By Kevin Bissett, The Canadian Press | Associated Press


FREDERICTON - A tiny island between New Brunswick and Maine is the subject of renewed calls from both sides of the border to settle a territorial dispute once and for all.

Machias Seal Island is a flat, treeless piece of rock located about 19 kilometres southwest of Grand Manan Island at the mouth of the Bay of Fundy.

The island is a sanctuary for many kinds of seabirds including the Atlantic Puffin and draws visitors from around the world to observe them in the summer.

There are no permanent human residents on the island, just pairs of lightkeepers who spend 28 days at a time maintaining a lighthouse operated by the Canadian Coast Guard. The original lighthouse was built by the British in 1832, and a lighthouse has been maintained there ever since.

So why would anyone even care which country gets title to Machias Seal Island?

The answer lies in the 720 square kilometres of water around the island in what's called a grey zone. Lobster fishermen from both Canada and the U.S. fish these waters.

"The fishing community on Grand Manan is permitted to fish there on an open-end basis and it's our way of laying our claim to this water that is part of the Machias Seal Island dispute," said MP John Williamson, who represents the riding of New Brunswick-Southwest.

Williamson said the island is considered to be in his riding.

"I think our claim is sound and is legitimate, but at the end of the day it's going to come down to the minister in this country and the administration in Washington to settle it," he said.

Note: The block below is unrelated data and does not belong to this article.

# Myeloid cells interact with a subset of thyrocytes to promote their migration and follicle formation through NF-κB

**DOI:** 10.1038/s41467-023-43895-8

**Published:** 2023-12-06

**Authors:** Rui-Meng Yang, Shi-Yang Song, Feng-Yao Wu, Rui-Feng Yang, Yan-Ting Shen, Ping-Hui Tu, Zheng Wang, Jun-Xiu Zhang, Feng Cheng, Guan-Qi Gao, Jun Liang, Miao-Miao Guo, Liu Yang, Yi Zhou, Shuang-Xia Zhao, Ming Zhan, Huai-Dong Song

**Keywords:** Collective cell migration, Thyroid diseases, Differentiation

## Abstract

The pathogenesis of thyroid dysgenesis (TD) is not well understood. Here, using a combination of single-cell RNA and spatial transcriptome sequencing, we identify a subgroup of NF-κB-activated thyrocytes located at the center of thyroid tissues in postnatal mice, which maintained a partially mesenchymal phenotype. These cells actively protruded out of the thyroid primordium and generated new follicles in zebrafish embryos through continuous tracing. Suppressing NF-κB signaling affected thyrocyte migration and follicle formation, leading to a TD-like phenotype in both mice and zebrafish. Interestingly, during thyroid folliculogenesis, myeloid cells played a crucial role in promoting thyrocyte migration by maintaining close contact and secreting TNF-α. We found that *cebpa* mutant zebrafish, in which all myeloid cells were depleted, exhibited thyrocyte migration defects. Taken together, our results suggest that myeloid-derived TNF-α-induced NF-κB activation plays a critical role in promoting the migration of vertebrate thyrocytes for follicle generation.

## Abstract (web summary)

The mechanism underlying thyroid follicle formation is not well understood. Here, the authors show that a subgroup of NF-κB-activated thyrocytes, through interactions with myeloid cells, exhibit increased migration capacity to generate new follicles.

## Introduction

"I think it is in the interests of both of our countries to do that."

That feeling is echoed by Stephen Kelly, a professor at the Center for Canadian Studies at Duke University and a retired American diplomat who has served in Canada.

"It just strikes me if we have this opportunity to remove a potential irritant going forward, why don't we take it?" Kelly said in an interview from his office in Durham, N.C.

Kelly put his thoughts in a commentary for The New York Times last month, which he said he was prompted to write after seeing territorial disputes that have erupted between Japan and China over uninhabited islands in the East China Sea.

He said while the situation between Canada and the United States is much different, land disputes are better settled.

"What if some valuable resource is discovered in the grey zone around Machias Seal Island? What if some other contingency that we can't imagine now of strategic importance comes along?" he asked.

"Wouldn't we feel silly that we didn't take the opportunity to resolve this when the stakes were relatively low."

For Ralph Eldridge, a Canadian who has been a lightkeeper on the island for the last 16 years, the question of who owns Machias Seal Island is a "non-issue," something that is never a question from the visitors who travel to the island each summer.

And Eldridge said he doesn't have to produce his passport to go there.

"But neither does someone from the United States or China or Japan or Spain have to when they come to the island," he said.

A spokeswoman for the Department of Foreign Affairs and International Trade said ownership of the island and surrounding waters is clear as far as Canada is concerned: they are Canadian.

"Canada's sovereignty over Machias Seal Island and sovereign jurisdiction over the 210 square nautical mile surrounding waters is strongly founded in international law," Barbara Harvey said in a statement.

Note to readers: This is a corrected story. A previous version said Machias Seal Island is west of Maine.